Hepatitis C is a potentially life-threatening infectious liver disease. Research results reveal that hepatitis C affects about 150.000 people in the United States each year, many patients with the acute form of the disease developing chronic hepatitis C in time. Furthermore, most patients with untreated chronic hepatitis C can in time develop cirrhosis and even end-stage liver disease. Statistics also indicate that around 170.000.000 people worldwide suffer from chronic liver diseases, many of them developing complications over the years.
The main cause of hepatitis C is infection with a virus. The virus responsible for causing hepatitis C and many other forms of liver disease (hepatic fibrosis, complicated cirrhosis, hepatocellular carcinoma) is called hepatitis C virus (HCV). Although there are many risk factors in the occurrence of liver disease, infection with HCV is considered to be the major cause of hepatitis C. Hepatitis C virus is a strong infectious agent in the flaviviridae family and it mostly infects humans and primates. Hepatitis C virus is the main cause of hepatitis C and other infectious liver diseases in humans and chimpanzees, generating similar symptoms in both species.
Hepatitis C virus can be contracted through direct contact with blood or blood products. In the past, compromised blood transfusions were a common cause of hepatitis C transmission, until new effective methods of screening the donated blood became available. The main cause of hepatitis C transmission these days is considered to be the contact with inappropriately sterilized medical utensils, such as needles and syringes. A single drop of infected blood is sufficient for transmitting hepatitis C virus to humans.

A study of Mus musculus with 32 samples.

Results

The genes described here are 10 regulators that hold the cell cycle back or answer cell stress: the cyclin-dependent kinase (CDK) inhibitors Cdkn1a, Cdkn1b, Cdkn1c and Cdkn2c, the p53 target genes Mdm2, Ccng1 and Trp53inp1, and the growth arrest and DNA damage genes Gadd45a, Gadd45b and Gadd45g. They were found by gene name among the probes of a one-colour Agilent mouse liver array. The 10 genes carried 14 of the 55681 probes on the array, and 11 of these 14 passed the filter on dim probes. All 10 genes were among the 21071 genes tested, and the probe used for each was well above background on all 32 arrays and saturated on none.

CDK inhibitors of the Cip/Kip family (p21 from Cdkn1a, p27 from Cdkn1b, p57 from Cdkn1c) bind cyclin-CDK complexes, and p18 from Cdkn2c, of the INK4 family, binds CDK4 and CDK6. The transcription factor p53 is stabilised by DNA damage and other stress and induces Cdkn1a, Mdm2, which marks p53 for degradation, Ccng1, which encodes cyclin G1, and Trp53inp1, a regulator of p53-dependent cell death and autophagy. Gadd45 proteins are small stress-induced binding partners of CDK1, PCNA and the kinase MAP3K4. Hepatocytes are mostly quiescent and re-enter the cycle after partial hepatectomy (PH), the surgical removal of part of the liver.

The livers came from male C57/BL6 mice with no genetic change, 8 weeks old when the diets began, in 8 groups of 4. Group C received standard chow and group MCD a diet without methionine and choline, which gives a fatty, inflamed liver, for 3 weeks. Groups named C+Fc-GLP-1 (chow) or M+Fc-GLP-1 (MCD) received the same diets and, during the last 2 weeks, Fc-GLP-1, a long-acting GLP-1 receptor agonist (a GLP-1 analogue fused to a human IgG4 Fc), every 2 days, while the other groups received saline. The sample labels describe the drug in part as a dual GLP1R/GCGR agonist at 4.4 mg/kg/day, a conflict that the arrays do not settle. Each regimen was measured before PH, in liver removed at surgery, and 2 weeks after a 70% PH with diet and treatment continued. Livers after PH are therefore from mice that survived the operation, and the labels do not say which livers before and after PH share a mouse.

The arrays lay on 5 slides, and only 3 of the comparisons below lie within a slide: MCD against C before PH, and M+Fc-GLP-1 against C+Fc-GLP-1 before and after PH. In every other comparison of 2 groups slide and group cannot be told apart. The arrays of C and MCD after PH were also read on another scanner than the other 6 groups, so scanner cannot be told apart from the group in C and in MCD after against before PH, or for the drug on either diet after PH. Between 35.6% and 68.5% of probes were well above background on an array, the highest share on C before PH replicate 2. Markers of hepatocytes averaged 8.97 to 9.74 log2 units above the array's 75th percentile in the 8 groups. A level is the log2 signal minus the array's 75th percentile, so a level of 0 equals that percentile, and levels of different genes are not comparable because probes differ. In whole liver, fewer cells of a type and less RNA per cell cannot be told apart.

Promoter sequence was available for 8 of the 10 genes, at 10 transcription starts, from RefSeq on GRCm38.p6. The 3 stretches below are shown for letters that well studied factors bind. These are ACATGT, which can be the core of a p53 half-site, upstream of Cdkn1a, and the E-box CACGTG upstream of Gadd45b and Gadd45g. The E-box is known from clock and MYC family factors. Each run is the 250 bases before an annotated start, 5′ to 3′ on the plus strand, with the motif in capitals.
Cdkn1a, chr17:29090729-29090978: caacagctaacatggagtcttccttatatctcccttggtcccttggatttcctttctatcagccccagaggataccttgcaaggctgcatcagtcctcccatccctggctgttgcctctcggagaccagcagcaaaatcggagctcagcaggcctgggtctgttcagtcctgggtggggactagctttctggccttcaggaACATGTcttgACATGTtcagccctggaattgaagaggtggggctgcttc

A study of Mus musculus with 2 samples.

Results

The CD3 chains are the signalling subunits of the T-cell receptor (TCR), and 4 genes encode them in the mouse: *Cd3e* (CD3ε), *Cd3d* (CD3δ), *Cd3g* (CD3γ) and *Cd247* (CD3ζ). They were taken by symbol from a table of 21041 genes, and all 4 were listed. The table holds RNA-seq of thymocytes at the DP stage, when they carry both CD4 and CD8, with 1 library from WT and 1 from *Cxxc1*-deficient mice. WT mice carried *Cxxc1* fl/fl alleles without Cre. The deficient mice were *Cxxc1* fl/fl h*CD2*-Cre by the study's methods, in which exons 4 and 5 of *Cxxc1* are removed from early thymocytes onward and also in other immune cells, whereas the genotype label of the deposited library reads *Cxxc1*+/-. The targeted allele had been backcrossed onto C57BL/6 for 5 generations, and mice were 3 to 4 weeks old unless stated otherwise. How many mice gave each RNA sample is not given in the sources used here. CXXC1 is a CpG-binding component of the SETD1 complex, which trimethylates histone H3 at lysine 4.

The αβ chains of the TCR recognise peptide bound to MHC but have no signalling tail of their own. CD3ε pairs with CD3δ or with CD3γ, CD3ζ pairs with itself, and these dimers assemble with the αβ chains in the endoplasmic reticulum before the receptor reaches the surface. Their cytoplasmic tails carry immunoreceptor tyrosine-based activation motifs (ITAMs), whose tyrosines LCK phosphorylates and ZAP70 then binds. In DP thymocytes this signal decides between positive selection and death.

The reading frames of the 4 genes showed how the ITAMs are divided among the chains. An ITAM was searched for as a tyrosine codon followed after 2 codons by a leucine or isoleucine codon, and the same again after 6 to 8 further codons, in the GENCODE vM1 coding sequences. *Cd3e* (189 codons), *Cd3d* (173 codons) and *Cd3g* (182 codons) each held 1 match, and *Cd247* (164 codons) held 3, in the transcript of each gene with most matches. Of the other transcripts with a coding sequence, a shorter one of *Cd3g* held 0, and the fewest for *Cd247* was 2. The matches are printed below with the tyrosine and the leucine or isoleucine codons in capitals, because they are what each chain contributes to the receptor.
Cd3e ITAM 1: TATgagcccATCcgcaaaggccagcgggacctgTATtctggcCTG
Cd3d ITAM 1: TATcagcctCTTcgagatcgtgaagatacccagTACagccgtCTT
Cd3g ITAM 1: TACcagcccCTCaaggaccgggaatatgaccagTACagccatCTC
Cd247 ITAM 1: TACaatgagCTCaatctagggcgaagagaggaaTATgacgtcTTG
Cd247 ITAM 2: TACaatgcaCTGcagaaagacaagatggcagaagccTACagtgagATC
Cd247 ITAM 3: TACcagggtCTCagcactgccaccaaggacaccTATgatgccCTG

Any contaminated object that enters in contact with healthy blood can spread HCV inside the entire organism, causing disease. Other potential causes of hepatitis C transmission are the practice of unsafe sex and intravenous or intra-nasal drug use. Although the cases of sexually-transmitted hepatitis C are rare, under certain circumstances, people can contract HCV by exchanging secretions of the sexual organs (vaginal secretions, sperm). Drug addicts also expose themselves to a serious risk of contracting hepatitis C virus when sharing needles and syringes.
Medical treatments available today are effective only for a small category of patients with hepatitis C. While people with mild, uncomplicated forms of hepatitis C respond well to specific medical treatments, people who suffer from chronic hepatitis C usually experience a relapse after they stop receiving medications. Considering the fact that infection with a virus is the main cause of hepatitis C, most medical treatments include strong antiviral medications. However, combination treatments are the most effective means of overcoming hepatitis C in present. Combination medical treatments involve the use of interferon (a protein produced in small quantities by the human body) and antiviral medications, such as ribavirin.
Due to the fact that medical treatments available today are not entirely curative, it is important to take steps in eradicating the actual cause of hepatitis C. Modern medicine should soon be able to find new, effective means of preventing possible infections with hepatitis C virus. An appropriate vaccine against hepatitis C virus would be able to completely eliminate the cause of hepatitis C, rendering the human body immune to this type of virus.